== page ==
Easingwold, a dozen miles north of York, is a pleasant market town (pic) – pubs, handsome square, friendly local vibe, farmers chatting by the bus stop – but is unlikely to make those tedious ‘1000001 Places to Visit Before You Die’ lists. Yet it has one very odd, virtually unknown, attraction, and that was why I came up today.
I’d passed through once before, riding Sustrans’s White Rose Route. My seat post had broken on the way in, but despite it being Easter Sunday, I managed to buy a replacement from a shop that sold lawnmowers. Alas, the White Rose Route is no longer signed or supported by Sustrans: evidently, the allure of a cycle ride linking Hull and Middlesbrough had as much staying power as my old seatpost.
I came today to explore Post Office Slip, a back lane running north off the market square area from Costa Coffee. It’s one of the narrowest alleys in Britain, and probably the most challenging to pass through. Because the Slip is a bizarre human-sized catflap, cut out of the corner of a house where its edge butts up against another (pic: it’s in that corner in the middle of the photo).
Yorkshire being Yorkshire, we have the best of everything, of course. Forget anything you’ve heard about Temple Bar in Port Isaac being the squeeziest thoroughfare in the land: that’s a roomy 18 inches 46cm wide, while Dog Loup in Staithes, up the coast from Robin Hood’s Bay, gets down to 15.5 inches 39cm.
I reckon Dog Loup is the narrowest in the country. But while Post Office Slip isn’t numerically as exiguous as Dog Loup or even Temple Bar, it’s certainly more constricting, thanks to its shape (pic).
That’s because the Slip narrows at the top, so at my head height it’s only 8 inches 20cm wide. It’s in regular use by locals heading down to the shops, who are used to ducking and sashaying sideways to get round the attenuated bend (pic).
Easingwold is one of those towns where everyone knows everyone (…’s business). As soon as I parked my bike and started snapping, the lady in the house to the left popped her head out the upstairs window and asked me, in a perfectly friendly way, what I was up to.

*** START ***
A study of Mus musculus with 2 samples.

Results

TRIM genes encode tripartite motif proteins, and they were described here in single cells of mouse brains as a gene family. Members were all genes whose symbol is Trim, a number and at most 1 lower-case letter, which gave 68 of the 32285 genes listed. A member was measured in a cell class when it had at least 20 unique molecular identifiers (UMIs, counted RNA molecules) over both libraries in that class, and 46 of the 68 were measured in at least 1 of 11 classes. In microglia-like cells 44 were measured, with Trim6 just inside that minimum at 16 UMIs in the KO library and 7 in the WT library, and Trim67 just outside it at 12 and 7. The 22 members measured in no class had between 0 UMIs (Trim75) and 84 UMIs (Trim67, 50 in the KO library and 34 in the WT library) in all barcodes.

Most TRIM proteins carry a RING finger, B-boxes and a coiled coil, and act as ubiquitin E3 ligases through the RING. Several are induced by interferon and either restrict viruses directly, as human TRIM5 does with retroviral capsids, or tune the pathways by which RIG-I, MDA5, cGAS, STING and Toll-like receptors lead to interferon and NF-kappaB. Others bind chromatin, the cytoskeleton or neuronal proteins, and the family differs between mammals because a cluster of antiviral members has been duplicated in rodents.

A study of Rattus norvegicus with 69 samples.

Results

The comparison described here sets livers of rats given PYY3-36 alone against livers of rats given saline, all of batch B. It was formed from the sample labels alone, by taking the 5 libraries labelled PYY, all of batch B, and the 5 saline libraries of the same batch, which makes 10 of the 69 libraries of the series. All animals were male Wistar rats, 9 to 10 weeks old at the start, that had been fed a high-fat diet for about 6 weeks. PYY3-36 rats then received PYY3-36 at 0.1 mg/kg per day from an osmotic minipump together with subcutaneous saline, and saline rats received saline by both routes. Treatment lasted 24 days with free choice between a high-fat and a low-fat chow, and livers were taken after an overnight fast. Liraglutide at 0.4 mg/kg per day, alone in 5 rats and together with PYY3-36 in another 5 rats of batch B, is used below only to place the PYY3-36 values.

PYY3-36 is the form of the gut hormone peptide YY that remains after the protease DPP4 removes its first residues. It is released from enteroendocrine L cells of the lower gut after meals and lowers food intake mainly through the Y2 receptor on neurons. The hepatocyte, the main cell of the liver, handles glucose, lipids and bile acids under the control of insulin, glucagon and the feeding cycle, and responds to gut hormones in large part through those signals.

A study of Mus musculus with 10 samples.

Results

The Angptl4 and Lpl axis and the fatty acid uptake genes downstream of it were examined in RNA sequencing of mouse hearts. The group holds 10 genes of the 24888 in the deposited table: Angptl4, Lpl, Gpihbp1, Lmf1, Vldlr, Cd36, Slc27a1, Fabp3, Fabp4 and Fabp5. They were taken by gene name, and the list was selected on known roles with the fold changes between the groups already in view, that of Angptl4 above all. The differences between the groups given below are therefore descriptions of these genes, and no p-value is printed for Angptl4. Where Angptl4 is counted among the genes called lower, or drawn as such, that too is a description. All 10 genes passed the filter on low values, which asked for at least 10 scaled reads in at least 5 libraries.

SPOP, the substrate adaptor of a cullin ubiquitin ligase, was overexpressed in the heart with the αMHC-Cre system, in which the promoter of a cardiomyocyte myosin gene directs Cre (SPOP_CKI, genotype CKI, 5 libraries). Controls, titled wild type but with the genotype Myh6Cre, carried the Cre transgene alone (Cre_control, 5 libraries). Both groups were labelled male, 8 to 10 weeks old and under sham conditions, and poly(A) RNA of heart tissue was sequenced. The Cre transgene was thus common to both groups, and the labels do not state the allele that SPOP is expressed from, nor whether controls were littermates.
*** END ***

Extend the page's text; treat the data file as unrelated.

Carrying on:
Then her neighbour, from the house on the right, came out and did similar. She has to put up with shopping-laden locals and backpack-toting visitors bumping against the wall as they clamber through, which makes for a constant noise inside her living room.
Another local to quiz me on my intentions, as she bobbed and weaved through the aperture, informed me that the area behind used to be a printworks and orchard, and that the Slip’s needle-eye causes regular consternation to electric wheelchair users unfamiliar with the area, and to buggy-toting local mums, who demanded that the council enlarge the passage by lopping off a few inches of each house. Approaching from the other side, the way through isn’t even visible (pic).
Post Office Slip is a public right of way for pedestrians, legally cyclable in theory but not in practice. My town bike’s handlebars are 24 inches 61cm wide, clearly too big to fit, as are those of the local kids’ bikes.
Luckily I was on my folder, whose bars are considerably narrower, but it was still easier to fold up the bike to get it through (pic).
Easingwold’s residents are clearly proud of their tiny thoroughfare. And it wasn’t the only thing I managed to squeeze in while I was there. I also managed to cram in a pint, in the George Inn, while waiting for my bus back to York.